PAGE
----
There are plenty of yoga poses that require tremendous strength and flexibility. Fortunately you don’t need to dive right into these advanced moves in order for yoga to make a profound difference in your life.
You can reap incredible rewards, from improved strength and flexibility, to a slimmer waistline and increased focus, from a routine comprised entirely of “beginner” moves. These yoga poses for beginners don’t require advanced fitness, fancy equipment or time in a studio, but they do require practice in order to be performed properly.
Below you’ll find critical yoga poses for beginners, how to perform them and how to eliminate common issues so you can begin to benefit from the first time you climb on the mat.
The child’s pose is where most great yoga routines begin. This pose begins to open up your hips, elongates the spine and prepares your body and mind for the more active poses that will follow.
The issue that most people run into with the child’s pose stems from tight hips caused by extended bouts of sitting. Mastering the child’s pose can usually be accomplished through focus by staying mindful of proper breathing and relaxing into a wider base.
A folded towel beneath your head can make this pose more comfortable and allow you to maintain focus on breathing and stretching. Each time you practice, walk your fingers out farther to maximize the stretch in your spine and to open the hips as much as possible prior to moving onto the next pose.
You can transition fluidly from child’s pose into cat-cow and continue to work on hip and spine mobility. The cat-cow pose lubricates the spine, stretches the entire posterior chain and tightens the arms, shoulders and core.
The biggest mistakes that beginning yogis make with this pose revolve around proper alignment. In order to get the most out of cat-cow, your hands need to be directly beneath the shoulders, pressed firmly into the mat. Your transition from cat to cow should be performed rhythmically; you need to maintain focus on your breathing and getting a proper stretch from your tailbone up through the spine and into your neck throughout the entire practice of this pose.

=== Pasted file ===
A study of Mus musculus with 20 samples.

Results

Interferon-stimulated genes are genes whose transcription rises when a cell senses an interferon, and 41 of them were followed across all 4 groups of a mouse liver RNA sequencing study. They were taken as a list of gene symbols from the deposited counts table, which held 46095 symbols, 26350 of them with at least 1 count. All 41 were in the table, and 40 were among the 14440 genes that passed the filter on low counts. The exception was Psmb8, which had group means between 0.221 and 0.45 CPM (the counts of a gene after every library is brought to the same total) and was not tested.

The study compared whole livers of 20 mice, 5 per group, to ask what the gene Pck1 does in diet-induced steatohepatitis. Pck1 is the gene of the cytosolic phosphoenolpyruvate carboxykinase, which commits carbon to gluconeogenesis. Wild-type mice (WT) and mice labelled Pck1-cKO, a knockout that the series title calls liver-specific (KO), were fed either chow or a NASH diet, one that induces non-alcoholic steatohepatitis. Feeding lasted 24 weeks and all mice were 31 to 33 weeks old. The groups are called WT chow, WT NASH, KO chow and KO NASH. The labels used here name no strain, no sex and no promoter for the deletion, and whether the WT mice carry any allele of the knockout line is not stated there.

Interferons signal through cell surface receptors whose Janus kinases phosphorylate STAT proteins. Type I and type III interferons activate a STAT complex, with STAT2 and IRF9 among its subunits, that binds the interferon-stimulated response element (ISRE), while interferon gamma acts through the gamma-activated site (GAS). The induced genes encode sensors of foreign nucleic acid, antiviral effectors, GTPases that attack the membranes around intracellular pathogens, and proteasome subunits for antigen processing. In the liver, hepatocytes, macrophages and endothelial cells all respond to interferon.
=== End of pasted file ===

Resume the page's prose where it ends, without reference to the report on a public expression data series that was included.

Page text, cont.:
Downward Facing Dog
Once you’ve mastered cat-cow, it’s time to transition into yoga’s most recognizable pose. Downward facing dog looks simple, but it carries similar challenges to cat-cow. If your alignment is off in this pose it becomes increasingly difficult to maintain, it becomes uncomfortable quickly and will cause you to lose focus.
From the table top position, rise up from your knees and push your hips high into the air. Maintain the same width of stance (roughly shoulder width apart) and walk your feet slowly toward your hands. Keep the spine long, spread your fingers and turn your hands slightly outward to create a stable base. Push your heels into the ground and keep your hips as high as possible. Maintaining a strong base is key to mastering downward facing dog.
Low lunge is an outstanding pose that further opens up the hips, elongates the spine and strengthens the entire body. It does however bring forth another challenge - maintaining balance.
In addition to proper breathing, keeping the body aligned and maintaining mindfulness - you’ll also need to keep yourself from toppling over in this wide based pose. What beginners fail to realize though, is that yoga is referred to as “practice” for a reason; we all face challenges during every single session, after all, you need challenges to grow.
You don’t need to dive right into the deepest low lunge. In fact, doing so could lead to injury. In order to master this posture, you might need to make use of your surroundings until you develop the strength and stability necessary to complete it without assistance.
Perform the low lunge facing a wall where you can maintain contact with your front foot throughout. Use blocks or keep your hands down by your sides to get into position, until you’ve established a solid base, and again to transition into your next pose.
Hold the low lunge for sixty seconds, using assistance when necessary. After several sessions you should be able get into, hold and transition from the low lunge into your next pose with fluidity.
Mastering these four yoga moves will build a strong foundation of strength and flexibility. Once you’ve got these beginner poses down you can perform them in the morning to prepare you for the day, after work to melt away stress or as part of a longer and more complex practice to further improve your physical and mental health and wellness.